Plants teach humans a thing or two about fighting diseases

COLLEGE STATION – Avoiding germs to prevent sickness is commonplace for people. Wash hands often. Sneeze into your elbow. Those are among the tips humans learn.

But plants, which are also vulnerable to pathogens, have to fend it alone. They grow where planted, in an environment teeming with microbes and other substances ready to attack, scientists note.

Now, researchers are learning from plants’ immune response new information that could help them understand more about humans’ ability to ward off sickness and avoid autoimmune diseases.

This week’s journal Science reports findings by Texas AgriLife Research scientists of a “unique regulatory circuit” that controls how a plant turns on and off its immune sensor.

“Plants and animals live out their lives mostly in good health, though they may have been subjected to a lot of pathogenic microbes,” said Dr. Libo Shan, AgriLife Research plant molecular biologist and lead author for the journal article. “Scientists all around the world have been interested in how a healthy host can fend off invasions of pathogens and turn off the defense responses promptly once the intruder risk factors are decreasing.”

Plants, like this wheat crop, have to grow where they are plants. Their ability to survive and fend of disease is teaching researchers about immune systems in ways that could be adaptable to human science. (Texas AgriLife Communications photo)

The research team found a “unique regulatory circuit” in which BAK1, a protein involved with cell death control and growth hormone regulation, recruits two enzymes — PUB12 and PUB13 — to the immune sensory complex and fine-tunes immune responses.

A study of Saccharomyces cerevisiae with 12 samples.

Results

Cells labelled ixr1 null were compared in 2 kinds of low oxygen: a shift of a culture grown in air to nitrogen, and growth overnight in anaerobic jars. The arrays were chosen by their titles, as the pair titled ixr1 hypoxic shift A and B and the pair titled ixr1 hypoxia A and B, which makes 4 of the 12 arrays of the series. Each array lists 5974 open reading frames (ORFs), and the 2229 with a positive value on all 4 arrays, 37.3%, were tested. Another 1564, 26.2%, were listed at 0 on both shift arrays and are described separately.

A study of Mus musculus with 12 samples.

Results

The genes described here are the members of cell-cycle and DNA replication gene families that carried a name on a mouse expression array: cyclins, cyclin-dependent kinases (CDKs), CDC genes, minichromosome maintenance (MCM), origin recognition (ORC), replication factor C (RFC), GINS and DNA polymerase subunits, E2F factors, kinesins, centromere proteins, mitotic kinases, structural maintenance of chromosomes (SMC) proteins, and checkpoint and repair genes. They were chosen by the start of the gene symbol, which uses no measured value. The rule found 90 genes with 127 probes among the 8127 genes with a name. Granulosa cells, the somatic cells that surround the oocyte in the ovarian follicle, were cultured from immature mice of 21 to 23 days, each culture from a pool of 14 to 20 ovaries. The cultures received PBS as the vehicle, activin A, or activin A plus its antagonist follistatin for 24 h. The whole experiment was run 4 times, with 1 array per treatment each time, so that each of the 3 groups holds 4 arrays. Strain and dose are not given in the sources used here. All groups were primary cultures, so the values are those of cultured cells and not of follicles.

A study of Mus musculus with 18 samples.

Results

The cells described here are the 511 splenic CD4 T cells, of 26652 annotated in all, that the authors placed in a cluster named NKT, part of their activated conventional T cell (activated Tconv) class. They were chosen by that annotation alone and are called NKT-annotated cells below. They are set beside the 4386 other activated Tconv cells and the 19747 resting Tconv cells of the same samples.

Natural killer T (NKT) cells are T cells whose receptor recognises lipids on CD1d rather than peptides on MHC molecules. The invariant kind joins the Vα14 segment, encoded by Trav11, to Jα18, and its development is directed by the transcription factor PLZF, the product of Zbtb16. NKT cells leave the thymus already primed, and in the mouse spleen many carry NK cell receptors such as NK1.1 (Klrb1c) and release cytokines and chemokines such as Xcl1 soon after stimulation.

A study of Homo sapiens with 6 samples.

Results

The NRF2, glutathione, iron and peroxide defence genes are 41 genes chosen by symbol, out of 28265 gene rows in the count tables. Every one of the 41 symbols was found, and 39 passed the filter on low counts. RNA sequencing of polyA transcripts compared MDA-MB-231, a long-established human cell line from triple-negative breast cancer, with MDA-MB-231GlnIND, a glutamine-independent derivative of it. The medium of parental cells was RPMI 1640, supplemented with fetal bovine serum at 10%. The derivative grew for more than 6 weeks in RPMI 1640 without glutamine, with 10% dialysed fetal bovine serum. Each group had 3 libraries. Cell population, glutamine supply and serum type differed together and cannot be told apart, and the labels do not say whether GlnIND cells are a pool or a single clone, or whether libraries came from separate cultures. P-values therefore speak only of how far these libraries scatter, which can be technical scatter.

Basically, the surface of plant cells has sensors that sense microbial invasion. One of the best understood plant receptors is FLS2, found in the common laboratory plant Arabidopsis.

FLS2 could sense the bacterial flagellin, which is a part of the flagellum, or tail-like projection on cells which help it to move. When FLS2 perceives flagellin, a series of “evolutionary conserved immune responses” is activated to fend off bacterial attack, Shan said.

But the immune response can not stay activated or the plant will stop growing and producing.

“To avoid detrimental effects of long-lasting immune activation, plant and animal hosts need a way to switch the activation off,” she noted. “How that can be has been a mystery to scientists.”

The team discovered that the flagellin perception recruited PUB12 and PUB13 to the receptor FLS2 complex.

Those two enzymes could add a biochemical signature tag, ubiquitin, to the FLS2 receptors which inform sells to degrade the immune senors, she added.

As a result of these actions, immune signaling decreased.

Knowing how immune signaling works may help researchers devise ways to help plants and animals – including humans – regulate their immune systems.

Shan said the mechanism her lab discovered is very broad in that it can be found in both plants and animals.

“We needed to understand the mechanism so that we can regulate it better,” she said. “The host needs to know when the signal is triggered (to fight off a pathogen). Then the immune response needs to go quickly up and then back down when it is no longer needed.”

Shan believes that this ability could lead to cures, rather than medical relief, from an assortment of ailments including allergies and autoimmune diseases.

“Plants have figured out how to survive in terms of disease and pest resistance,” she added. “And what we learn from them at the molecular level might help us understand animal pathogens better.”